Miami Dolphins owner Stephen Ross calls scandal 'a wake-up call,' backs Mike Pouncey


Dolphins owner Stephen Ross plans to cooperate with the NFL on any future punishment center Mike Pouncey receives.

Stephen Ross acknowledged Tuesday that the team’s ugly bullying scandal was embarrassing for a once-gold standard organization.

But Ross added that such an incident was bound to come to light somewhere in the NFL, given the widespread lack of civility in today’s culture.

And he unequivocally backed alleged bully Mike Pouncey, the only one of the three players implicated in Ted Wells’ report still on the team.

Furthermore, Pouncey remains in a position of leadership; he was one of two players the Dolphins asked to take visiting free agents to dinner earlier this month — a role that Ross said he’s comfortable with.

“I think everybody can look back and reflect,” said Ross, speaking to reporters after the second day of the NFL’s annual meeting. “We all can get caught up in certain things, and you go with it.

“But I think he’s an outstanding young man,” Ross continued. “Certainly, an excellent football player. I think he will turn out to be one of the real leaders on our team.”

While Pouncey’s place on the team is secure, his availability for the season opener remains in doubt.

The league has decided that he, Richie Incognito and John Jerry must get a thumbs-up from a mental health professional before being allowed to play again. And even then, they could be subject to suspension.

The Dolphins are OK with the decision and plan to cooperate fully.

“It was a moment that was probably going to take place somewhere,” Ross said. “They’re always going to refer to [this as] the situation with the Miami Dolphins. But everyone knows this wasn’t unique to the Miami Dolphins.”

Ross added: “This was a wake-up call.”

Like the owners’ meetings in general, Ross’ 16-minute briefing was heavy on locker room code of conduct.

But he also touched on a range of other issues, from the passing of Bills owner Ralph Wilson — he gave his condolences — to the team’s $350 million plan to renovate its aging stadium, which Ross will pay for himself.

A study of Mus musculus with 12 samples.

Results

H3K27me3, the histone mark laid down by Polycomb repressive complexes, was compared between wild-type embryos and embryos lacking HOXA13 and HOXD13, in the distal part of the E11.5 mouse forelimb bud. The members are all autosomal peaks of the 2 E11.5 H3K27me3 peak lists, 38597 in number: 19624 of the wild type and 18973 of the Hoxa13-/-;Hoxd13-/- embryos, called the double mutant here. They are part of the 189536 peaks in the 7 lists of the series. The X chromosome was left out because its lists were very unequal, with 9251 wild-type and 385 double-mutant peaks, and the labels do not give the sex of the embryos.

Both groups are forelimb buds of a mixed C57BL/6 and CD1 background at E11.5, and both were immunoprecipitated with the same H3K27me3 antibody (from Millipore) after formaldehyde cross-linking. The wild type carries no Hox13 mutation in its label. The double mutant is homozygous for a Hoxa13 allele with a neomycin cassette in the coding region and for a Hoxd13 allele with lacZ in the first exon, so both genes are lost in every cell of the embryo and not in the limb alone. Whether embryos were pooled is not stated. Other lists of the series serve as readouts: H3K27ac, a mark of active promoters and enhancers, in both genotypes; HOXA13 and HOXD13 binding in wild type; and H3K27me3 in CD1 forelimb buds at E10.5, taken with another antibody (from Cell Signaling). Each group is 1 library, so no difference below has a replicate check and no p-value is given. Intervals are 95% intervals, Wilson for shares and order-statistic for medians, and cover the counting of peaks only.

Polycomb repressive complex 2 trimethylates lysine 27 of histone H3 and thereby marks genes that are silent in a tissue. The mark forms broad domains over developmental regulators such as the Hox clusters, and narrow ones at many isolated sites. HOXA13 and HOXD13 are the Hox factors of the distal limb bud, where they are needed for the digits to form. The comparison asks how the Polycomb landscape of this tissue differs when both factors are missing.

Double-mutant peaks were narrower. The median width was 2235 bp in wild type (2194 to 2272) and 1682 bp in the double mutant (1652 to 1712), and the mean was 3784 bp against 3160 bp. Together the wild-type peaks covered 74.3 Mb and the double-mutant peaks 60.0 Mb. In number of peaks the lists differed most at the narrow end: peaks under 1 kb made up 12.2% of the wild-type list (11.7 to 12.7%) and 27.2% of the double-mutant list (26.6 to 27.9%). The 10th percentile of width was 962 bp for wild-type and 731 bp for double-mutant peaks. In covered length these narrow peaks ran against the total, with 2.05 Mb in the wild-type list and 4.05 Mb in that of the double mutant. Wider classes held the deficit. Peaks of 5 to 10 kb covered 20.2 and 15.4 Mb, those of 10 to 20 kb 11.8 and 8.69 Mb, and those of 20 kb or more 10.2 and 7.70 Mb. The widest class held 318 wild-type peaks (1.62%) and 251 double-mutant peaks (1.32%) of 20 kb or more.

“It’s a lot of money,” he said, chuckling.

In return for footing the bill, Ross is asking for some $4 million in annual tax relief, which has been met with resistance by the city of Miami Gardens and Miami-Dade County Public Schools.

“We’re talking to them,” Ross said. “We’ve had some good meetings. I understand the needs of Miami Gardens. I’m optimistic that we’ll get there.”

Despite deciding to foot the entire bill himself, Ross said he still expects to be eligible for the league’s G-4 funding, a stadium grant given to teams that make capital improvements via a public-private partnership.

“I was asked, ‘why did you buy the Miami Dolphins?’ Because I can afford it,” Ross said. “Why am I going to [pay for the renovations]? Because I can afford it and I want to do it right. I want to make this a winning team. I want to make it the best it is, both on and off the field. That’s part of it.”

As for the football end of his franchise, coach Joe Philbin and first-year general manager Dennis Hickey are “joined at the hip,” he said. When asked if there is more harmony now than under previous GM Jeff Ireland, Ross responded: “No question about it.”

And despite a strong desire to return to the playoffs after missing it the previous five years, Ross wouldn’t say it’s a make-or-break year for Philbin and quarterback Ryan Tannehill.

“Right now, we’re worrying about the season,” Ross added. “We’re putting it together. I think it will take care of itself. I’m not worried about the following year. I’m worried about this year.”